Be Controversial to Win Attention

By Kerry McDuling

13 April 2012 | 1 Comment

boxing gloves business peopleIt is no secret that the media loves controversy, simply because sensationalism sells!

It is therefore always a good idea to keep this in mind when generating your idea and composing your media release.

A controversial news item is by definition one that has the characteristics of a prolonged public debate, dispute or point of contention.

With this in mind, the type of news items that are controversial dispute something of common knowledge. They can also appeal to audience fear about a negative impact occurring if they fail to take a certain action or as the result of an unavoidable circumstance. For example, a controversial headline might be: ‘Most small businesses will not survive another Global Financial Crisis.’

Here are some tips that may be helpful when generating news items of a controversial nature:


As well as being controversial, your story also needs to be newsworthy. For example, you might be refuting an expert opinion or findings that has recently been or is commonly reported in the media (e.g., that chocolate is in fact healthy). Make sure you are able to back your statement up with clear facts or statistics from research you have undertaken.



Just because something is controversial, doesn’t mean it will be of interest to any readers, or have the desired outcome for you. So, if your business is an accountancy firm, contacting the media with a story about chocolate being healthy or cane toads being useful to gardeners wanting to grow frangipani trees is not relevant to a small-business audience. Your news needs to have an impact on your audience.


Controversial news items should also coincide with events. For example, a news item about chocolate around Easter, or small business failure around a worsening economy, or struggling home owners around an interest rate rise.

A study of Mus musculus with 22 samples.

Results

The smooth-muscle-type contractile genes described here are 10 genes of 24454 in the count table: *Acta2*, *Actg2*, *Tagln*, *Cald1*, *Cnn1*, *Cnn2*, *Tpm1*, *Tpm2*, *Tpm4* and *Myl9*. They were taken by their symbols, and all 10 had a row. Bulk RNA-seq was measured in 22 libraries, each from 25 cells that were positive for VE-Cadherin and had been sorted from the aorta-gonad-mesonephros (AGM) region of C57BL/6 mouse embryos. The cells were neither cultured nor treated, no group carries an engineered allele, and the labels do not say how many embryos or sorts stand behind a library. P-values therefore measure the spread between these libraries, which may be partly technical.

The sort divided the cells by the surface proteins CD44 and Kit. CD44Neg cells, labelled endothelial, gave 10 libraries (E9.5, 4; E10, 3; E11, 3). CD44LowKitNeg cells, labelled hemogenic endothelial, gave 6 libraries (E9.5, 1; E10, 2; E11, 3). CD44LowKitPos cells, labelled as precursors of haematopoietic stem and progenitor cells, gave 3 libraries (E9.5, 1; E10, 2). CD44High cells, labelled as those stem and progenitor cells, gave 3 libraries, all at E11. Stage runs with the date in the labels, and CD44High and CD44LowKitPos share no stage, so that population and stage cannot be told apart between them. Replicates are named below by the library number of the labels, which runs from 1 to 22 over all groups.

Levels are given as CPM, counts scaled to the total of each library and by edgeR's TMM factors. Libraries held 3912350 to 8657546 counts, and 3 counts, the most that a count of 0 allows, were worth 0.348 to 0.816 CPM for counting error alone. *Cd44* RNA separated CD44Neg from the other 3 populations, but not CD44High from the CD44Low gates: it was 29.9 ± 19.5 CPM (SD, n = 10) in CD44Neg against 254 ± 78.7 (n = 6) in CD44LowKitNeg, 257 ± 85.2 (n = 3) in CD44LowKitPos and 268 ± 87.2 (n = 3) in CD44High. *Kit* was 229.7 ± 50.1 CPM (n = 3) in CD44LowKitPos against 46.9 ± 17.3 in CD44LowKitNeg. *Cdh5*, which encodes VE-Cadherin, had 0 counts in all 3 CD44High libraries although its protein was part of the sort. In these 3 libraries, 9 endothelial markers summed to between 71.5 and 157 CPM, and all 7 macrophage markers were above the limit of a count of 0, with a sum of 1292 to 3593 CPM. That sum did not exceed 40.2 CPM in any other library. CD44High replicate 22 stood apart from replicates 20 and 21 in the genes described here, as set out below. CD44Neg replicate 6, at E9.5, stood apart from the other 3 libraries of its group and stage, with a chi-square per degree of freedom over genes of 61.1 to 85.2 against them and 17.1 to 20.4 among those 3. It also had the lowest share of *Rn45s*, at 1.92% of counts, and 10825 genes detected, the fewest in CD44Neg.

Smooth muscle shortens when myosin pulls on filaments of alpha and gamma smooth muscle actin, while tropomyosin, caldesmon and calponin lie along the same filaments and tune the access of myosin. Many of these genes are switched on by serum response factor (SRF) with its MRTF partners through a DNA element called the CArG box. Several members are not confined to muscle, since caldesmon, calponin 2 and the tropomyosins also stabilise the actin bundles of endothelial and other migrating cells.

Offer a positive outcome


It is also important to offer a lifeline or positive outcome when presenting a negative or fear-based headline. For example, taking the small business angle presented earlier in this article, an accountant might provide the suggestion that small business owners ensure they have enough reserves or a back-up plan/exit plan in the case of a worsening economy, with some suggestions on how to do it. This also presents an opportunity to demonstrate expert knowledge and status.



The media view new research favourably, especially when refuting an item of common knowledge. If you have a good client database, create a short anonymous multiple choice survey with an incentive for completion. Remember to word the questions so that you can skew the results in favour of the result you would like to anticipate: e.g., Do you feel comfortable that your cash reserves are enough to tide you over in a lengthy downward economy?

Remember that you are not aiming to shock or create enemies – a little bit of controversy will go a long way.

Kerry McDuling


Kerry McDuling

Kerry McDuling

Kerry McDuling is the owner of McDuling PR and Stratosphere Me. Kerry, an experienced Journalist and PR Specialist, works effectively with business owners, teaching them how to powerfully brand themselves in the market and generate publicity and exposure as a result, that really works!